This article explains how the discovery in cooking foods has dramatically changed the way we live, and the amount of time freed up by spending less time chewing. Raw food takes much longer to eat than soft cooked foods. The discovery of cooking changed our social division of labor between men and women. The Hadza tribes are foragers; hunters and gathers, and now that cooking food is possible, the men hunt for meat, while the women forage the land for anything edible. When the men come back to the village, the women hope they have meat or honey to provide, but if they come empty handed, the women have the food they have gathered already prepared for the hungry men. The men and women share their food with one another, their children, and extended family. Even though my family and I are not foragers, this sounds very similar to the same way I was brought up.
My father would make the money that paid for the food, while my mother would stay home to raise us children and cook. She always had dinner ready for my father whether he was coming home from work or home after looking for a job. Either way, we always had food on our table. There were even summers that we had to pick fruit with my mother on farmers land so we can have canned fruit stock our pantry. We would forage in the fall walnuts that have fallen off a walnut tree on the side of some road, so she can make banana nut bread. As a child I was put to work on several occasions to help my mother, and that was not the same way my brothers were raised, they would be allowed to go hunting or fishing with my father. Even though my family and I are not foragers we have a lot of similarities with the Hadza tribe and how they divide their labor based upon gender and age.
Foragers follow the method of hunter and gatherer, to collect their food. They form small communities of mainly family; immediate and extended family. The men hunt for food while the women and children forage for edible plants. The tribes join occasionally to celebrate things; and they share their food. The Hadza believed if a single man provided the meat for the day, he would divide the food with his family first, and then divide it amongst the rest of the tribesmen. Foraging may have been the way to gather food in the beginning of man (several small tribes still live as foragers, like the Hadza tribe). Today, America and many other countries use intensive agriculture; we use machinery to irrigate and fertilize to increase our surplus. This is necessary because of our population; we are not only a few like the foragers. We are primarily controlled through a government, as apposed to moving about with a village.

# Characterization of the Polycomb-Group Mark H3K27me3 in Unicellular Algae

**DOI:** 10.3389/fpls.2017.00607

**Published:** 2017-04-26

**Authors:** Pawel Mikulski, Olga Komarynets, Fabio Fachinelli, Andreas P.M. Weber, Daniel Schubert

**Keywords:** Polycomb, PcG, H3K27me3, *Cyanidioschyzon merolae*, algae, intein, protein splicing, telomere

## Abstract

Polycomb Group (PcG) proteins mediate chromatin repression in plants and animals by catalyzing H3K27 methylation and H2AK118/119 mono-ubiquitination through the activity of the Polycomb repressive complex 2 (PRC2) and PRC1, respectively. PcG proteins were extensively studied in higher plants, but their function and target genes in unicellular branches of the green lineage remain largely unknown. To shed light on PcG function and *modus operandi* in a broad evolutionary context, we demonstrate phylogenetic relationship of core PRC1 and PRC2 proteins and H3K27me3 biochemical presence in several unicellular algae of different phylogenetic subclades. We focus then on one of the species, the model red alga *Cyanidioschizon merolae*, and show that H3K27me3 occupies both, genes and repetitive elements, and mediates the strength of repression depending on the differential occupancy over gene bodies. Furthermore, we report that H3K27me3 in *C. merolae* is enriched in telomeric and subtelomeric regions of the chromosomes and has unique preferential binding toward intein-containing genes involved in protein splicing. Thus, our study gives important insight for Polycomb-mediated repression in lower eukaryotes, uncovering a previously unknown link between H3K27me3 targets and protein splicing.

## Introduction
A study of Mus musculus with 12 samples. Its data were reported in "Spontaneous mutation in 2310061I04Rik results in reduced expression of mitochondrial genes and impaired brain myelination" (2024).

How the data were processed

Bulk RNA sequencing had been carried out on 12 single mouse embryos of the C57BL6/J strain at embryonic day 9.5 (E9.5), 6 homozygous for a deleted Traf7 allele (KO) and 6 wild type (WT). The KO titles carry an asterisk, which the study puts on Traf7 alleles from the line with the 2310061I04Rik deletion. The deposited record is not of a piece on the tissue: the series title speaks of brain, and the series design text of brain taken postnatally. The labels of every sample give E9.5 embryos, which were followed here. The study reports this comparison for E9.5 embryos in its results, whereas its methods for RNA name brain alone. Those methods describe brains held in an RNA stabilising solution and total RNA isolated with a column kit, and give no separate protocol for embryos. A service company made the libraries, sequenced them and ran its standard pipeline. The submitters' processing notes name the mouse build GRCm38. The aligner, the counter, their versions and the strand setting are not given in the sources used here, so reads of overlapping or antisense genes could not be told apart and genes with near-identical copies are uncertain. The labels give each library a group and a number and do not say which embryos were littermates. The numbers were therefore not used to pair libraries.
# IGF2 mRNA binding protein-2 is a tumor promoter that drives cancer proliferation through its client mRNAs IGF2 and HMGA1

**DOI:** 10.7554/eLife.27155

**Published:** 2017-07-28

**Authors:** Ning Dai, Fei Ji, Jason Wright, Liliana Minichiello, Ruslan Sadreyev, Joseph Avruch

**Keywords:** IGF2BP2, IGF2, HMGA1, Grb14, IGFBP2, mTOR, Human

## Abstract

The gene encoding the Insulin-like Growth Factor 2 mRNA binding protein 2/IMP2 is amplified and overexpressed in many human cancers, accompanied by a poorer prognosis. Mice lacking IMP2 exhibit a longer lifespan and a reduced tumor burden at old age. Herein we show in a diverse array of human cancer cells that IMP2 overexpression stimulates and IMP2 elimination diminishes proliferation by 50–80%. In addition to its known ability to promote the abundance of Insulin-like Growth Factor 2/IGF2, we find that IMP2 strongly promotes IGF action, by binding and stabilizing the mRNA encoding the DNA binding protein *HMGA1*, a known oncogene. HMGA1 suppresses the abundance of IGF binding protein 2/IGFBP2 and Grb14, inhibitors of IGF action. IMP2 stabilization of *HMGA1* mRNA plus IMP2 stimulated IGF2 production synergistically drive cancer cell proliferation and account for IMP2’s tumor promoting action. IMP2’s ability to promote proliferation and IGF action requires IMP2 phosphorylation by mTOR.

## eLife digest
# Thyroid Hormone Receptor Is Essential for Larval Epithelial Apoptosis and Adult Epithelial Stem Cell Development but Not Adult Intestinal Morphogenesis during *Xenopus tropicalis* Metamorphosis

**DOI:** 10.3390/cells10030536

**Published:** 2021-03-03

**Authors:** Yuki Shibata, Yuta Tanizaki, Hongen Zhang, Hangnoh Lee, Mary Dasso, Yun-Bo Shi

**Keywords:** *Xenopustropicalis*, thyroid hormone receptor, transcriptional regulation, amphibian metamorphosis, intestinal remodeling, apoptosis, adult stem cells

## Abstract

My first impression of this article was not too great; I felt the writer discussed the difference of chew time within too much detail. I understand the concept of “less time chewing = more time”. What I found most interesting, and gained insight from, was the knowledge that cooking food to make it soft, freed up the time of man. Without that simple action of cooking our food, man would be very different today. Not just time wise, but that was the start of division of labor within a family. This is still practiced within many American families and tribes that still live off the land. I think a big difference between us and them (which there are a few tribal foragers still today), they live creating little impact on their environment, while we seem to not care so much about the harm we do to ours. I feel because of more time, we not only have the means to relax and socialize, but we also abuse it. We are not as active, and to some people their social part of life is their most important. So because of more time, people are becoming obese, lazy, and gossipy. That pretty much sums up over half of the American population.